A Thorny Tangle

The Constant Gardener puts important issues in a conventional package

Josh Bell

Set mostly in Africa, directed by a Brazilian, starring two Brits and financed by an American studio, The Constant Gardener is a truly multicultural film. That's become something of a dirty word in movies lately, since films like The Interpreter and Hotel Rwanda have turned serious international issues into glossy, awards-baiting cinema—with mixed results.

That those films focused on problems in Africa should come as no surprise; like late-night commercials with starving, wide-eyed kids, high-profile movies about the plights of Africans are easy to digest because they tug readily on your heartstrings while remaining a safe distance from everyday life in the West. A movie about problems in the Middle East hits too close to home because of what our military is doing there; a movie about problems in America or Europe just plain hits too close. Africa is a safe middle-ground, and people can walk out of these sorts of movies feeling like they've become enlightened without actually having to do anything.

That's not to say that The Constant Gardener plays only on liberal guilt, or that it shouldn't be commended for pointing out real injustices in the world. But, like The Interpreter, it filters the story of a tragedy in Africa through the lens of a tragedy that happens to a white person, and sometimes makes you wonder if it's equating the death of one saintly white activist with those of thousands of nameless Africans. If you get past that uneasiness, though, there is a solid thriller made more exciting by director Fernando Meirelles' colorful, kinetic style, a movie that is less emotionally manipulative than Hotel Rwanda and less cold and detached than The Interpreter.

Ralph Fiennes plays Justin Quayle, a mid-level British diplomat who's complacent in his life as an ineffectual functionary, spending far more time on his constant, metaphorical gardening (a symbol for his thoroughness and attention to detail) than on worrying about complex world affairs. That is until he meets idealistic, young Tessa (Rachel Weisz), a trust-fund activist who romances Justin and then convinces him to marry her and take her to Kenya with him.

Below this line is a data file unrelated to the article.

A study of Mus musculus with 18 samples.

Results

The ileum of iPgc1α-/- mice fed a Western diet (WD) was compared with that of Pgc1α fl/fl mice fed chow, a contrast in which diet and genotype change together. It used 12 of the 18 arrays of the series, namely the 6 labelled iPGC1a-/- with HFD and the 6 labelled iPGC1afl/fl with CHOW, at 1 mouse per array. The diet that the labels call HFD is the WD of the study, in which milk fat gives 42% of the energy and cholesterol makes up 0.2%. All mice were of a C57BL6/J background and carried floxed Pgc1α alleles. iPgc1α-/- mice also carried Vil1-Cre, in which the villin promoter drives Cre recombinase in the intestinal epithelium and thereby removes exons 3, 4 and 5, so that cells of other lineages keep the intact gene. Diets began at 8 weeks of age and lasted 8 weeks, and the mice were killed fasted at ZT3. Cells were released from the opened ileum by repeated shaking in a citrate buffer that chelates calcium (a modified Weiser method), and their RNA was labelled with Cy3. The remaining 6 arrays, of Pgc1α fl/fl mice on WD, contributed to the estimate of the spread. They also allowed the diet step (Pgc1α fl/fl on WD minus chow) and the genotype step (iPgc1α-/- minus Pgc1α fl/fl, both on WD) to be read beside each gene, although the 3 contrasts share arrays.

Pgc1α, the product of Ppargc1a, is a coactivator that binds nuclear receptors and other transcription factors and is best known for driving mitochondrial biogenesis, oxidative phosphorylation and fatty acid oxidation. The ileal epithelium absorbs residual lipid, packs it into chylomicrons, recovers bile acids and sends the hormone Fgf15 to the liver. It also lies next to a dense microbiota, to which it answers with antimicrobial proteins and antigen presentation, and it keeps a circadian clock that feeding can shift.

Once there, Tessa takes up the cause of the poor who are being exploited by drug companies as guinea pigs under the guise of free health care. She teams up with a local activist (Hubert Koundé) and writes a scathing report that ends up in the hands of weasely government functionary Sandy (Danny Huston, with a seriously unconvincing British accent). The film opens with Justin finding out about Tessa's murder, and then uses flashbacks to fill in the backstory as he searches, as meticulously as he gardens, for answers about her death. In the process, he (and, by extension, the audience) learns much about the rampant corruption in big pharmaceutical companies.

If it all sounds a little pedantic, it is. At the same time, Fiennes really sells Justin's anguish and political awakening, and Meirelles, who co-directed the mesmerizing Brazilian film City of God, injects the material with a vibrancy and cultural awareness that lifts it above the dull political thriller tone of the story, adapted from a John Le Carré novel.

In City of God, Meirelles had documentary filmmaker Katia Lund as co-director to mitigate some of his flashy tendencies, but here he doesn't have that moderation holding him back. Consequently, Gardener plays a lot more like a conventional Hollywood movie, especially with its story of international intrigue. But Meirelles' use of jump cuts, oversaturation, handheld cameras and other visual flourishes adds to the story rather than detracting from it.

While Gardener really wants to come off as daring and politically aware, at its heart it's a mystery and love story, and it succeeds on both of those counts. If you come out of the movie concerned about the way drug companies exploit Africans, that's a nice bonus, but you're just as likely to come out touched by Justin's love for Tessa, or caught up in the excitement of the story. And there's nothing wrong with that.